Based on the circa 400,000 used vehicles currently advertised on its marketplace, the average price of a used car increased a massive 12.6% year-on-year (YoY) on a like-for-like basis last week (as of 12th July 2021). It not only marks 63 weeks of consecutive price growth, but a huge acceleration on what is now a comparatively conservative 5.7% increase recorded during the week of 12th April.
Illustrating just how high the level of demand currently is, there were over 14.7 million cross platform visits last week to Auto Trader, which was a 24% increase on the same week in 2019. There was also a 14% rise in the hours (2.2 million) consumers spent researching their next car on the marketplace. As a result of this increased activity on site, the average number of leads being sent to retailers grew 54% compared to the same period in 2019.
This reflects both the strong levels of demand as well as the change in buyer behaviour of taking contact before visiting a forecourt.
Another testament to the underlying levels of demand in the market is the faster speed at which retailers are selling cars. Last week, it took an average of just 23 days for stock to leave forecourts, which is a significant drop on the 43 it took at the start of the year.
Record price growth fuels strong sales performance
As a result of the huge demand in the market, according to Auto Trader's proxy sales dat, many retailers are reporting very strong used car sales performance, with current sales volumes up around 4% compared to 2019.
Such is the huge acceleration in used car prices that contrary to the commonly held belief, there is little evidence of a 'price ceiling' in nearly new vehicles (aged up to one year old). In fact, a snapshot taken on 1st July found circa 700 used vehicles priced higher than their brand-new counterparts, whilst one in five nearly new cars on Auto Trader are priced within 10% of their new car equivalents. What's more, there are many models currently achieving very high prices after two years of purchase, with 87 different variants advertised on Auto Trader currently priced at 80% of RRP or more.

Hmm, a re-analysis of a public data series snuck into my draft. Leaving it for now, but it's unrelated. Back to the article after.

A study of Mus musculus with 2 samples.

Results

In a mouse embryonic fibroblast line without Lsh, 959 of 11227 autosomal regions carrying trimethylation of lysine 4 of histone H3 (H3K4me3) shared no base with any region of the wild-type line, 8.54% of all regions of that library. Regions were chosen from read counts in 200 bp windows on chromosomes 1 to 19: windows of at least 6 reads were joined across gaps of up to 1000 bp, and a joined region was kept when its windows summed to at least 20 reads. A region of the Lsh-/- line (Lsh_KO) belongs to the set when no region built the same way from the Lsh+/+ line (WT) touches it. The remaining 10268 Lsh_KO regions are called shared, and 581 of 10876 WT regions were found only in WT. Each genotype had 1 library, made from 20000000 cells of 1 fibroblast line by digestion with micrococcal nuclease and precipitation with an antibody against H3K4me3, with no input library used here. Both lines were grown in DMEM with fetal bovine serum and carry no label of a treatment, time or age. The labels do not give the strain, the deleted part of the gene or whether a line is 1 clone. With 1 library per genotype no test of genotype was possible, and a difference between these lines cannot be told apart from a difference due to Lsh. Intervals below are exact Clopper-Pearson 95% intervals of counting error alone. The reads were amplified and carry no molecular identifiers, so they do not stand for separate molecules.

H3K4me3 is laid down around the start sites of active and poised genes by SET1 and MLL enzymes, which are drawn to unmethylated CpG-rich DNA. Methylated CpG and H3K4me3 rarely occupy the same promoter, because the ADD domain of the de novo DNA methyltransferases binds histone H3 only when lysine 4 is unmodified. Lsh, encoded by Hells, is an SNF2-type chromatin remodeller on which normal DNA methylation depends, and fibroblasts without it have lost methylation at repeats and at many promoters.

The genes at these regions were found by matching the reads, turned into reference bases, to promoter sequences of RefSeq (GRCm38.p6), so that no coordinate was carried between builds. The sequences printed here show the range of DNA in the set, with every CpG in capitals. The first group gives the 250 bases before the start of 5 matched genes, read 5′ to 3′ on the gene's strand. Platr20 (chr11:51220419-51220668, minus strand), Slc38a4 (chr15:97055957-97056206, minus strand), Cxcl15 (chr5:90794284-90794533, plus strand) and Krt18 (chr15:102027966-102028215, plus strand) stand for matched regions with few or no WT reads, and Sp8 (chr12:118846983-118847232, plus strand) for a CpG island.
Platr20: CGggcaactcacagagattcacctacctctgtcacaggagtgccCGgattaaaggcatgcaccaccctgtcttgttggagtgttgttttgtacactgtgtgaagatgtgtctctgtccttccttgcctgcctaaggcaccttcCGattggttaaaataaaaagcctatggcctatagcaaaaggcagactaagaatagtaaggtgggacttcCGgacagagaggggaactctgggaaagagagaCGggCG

Despite concerns over current trade valuations, a positive consequence of the surge in retail prices is the potential margins available. In fact, comparing the hammer prices of 45,000 vehicles on Dealer Auction with the final advertised prices on Auto Trader during January to June 2021 revealed most retailers have been able to achieve very strong margins. These have widened since physical forecourts reopened in April, and cars priced between £5,000 - £10,000 are recording the strongest growth in margin, increasing 13.3% (an average of £215) on pre-pandemic levels.
Commenting, Auto Trader's director of data and insight, Richard Walker, said: "The ongoing price growth represents a huge opportunity for retailers, and whilst there are concerns over inflated trade prices, I hope the evidence of our data gives retailers the confidence to buy knowing the very positive trade margins available.
"Encouragingly, wider economic factors, as well as a positive sentiment shift towards car ownership, an aversion to public transport, and the 1.7 million sales 'lost' in 2020 while physical showrooms were closed, indicate this high level of car buying demand will continue for the foreseeable future. It's for those reasons coupled with the huge success retailers have made in adapting to the changing retail landscape, we can be confident of sustained levels of used car sales throughout the year ahead."
Pricing behaviour underpins significant retailer confidence
Reflecting the strength of the market, Auto Trader continues to see fewer retailers adjusting prices on fewer vehicles. An average of 2,126 retailers made daily price adjustments last week, which is circa 425 fewer than the same period in 2019. What's more, an average of 11,175 vehicles were repriced every day last week, which is 26% fewer when compared to 2019. The data also suggests retailers were making significantly smaller reductions to sticker prices, averaging at just -£139, which is 60% less than the average adjustment made in 2019 (-£344).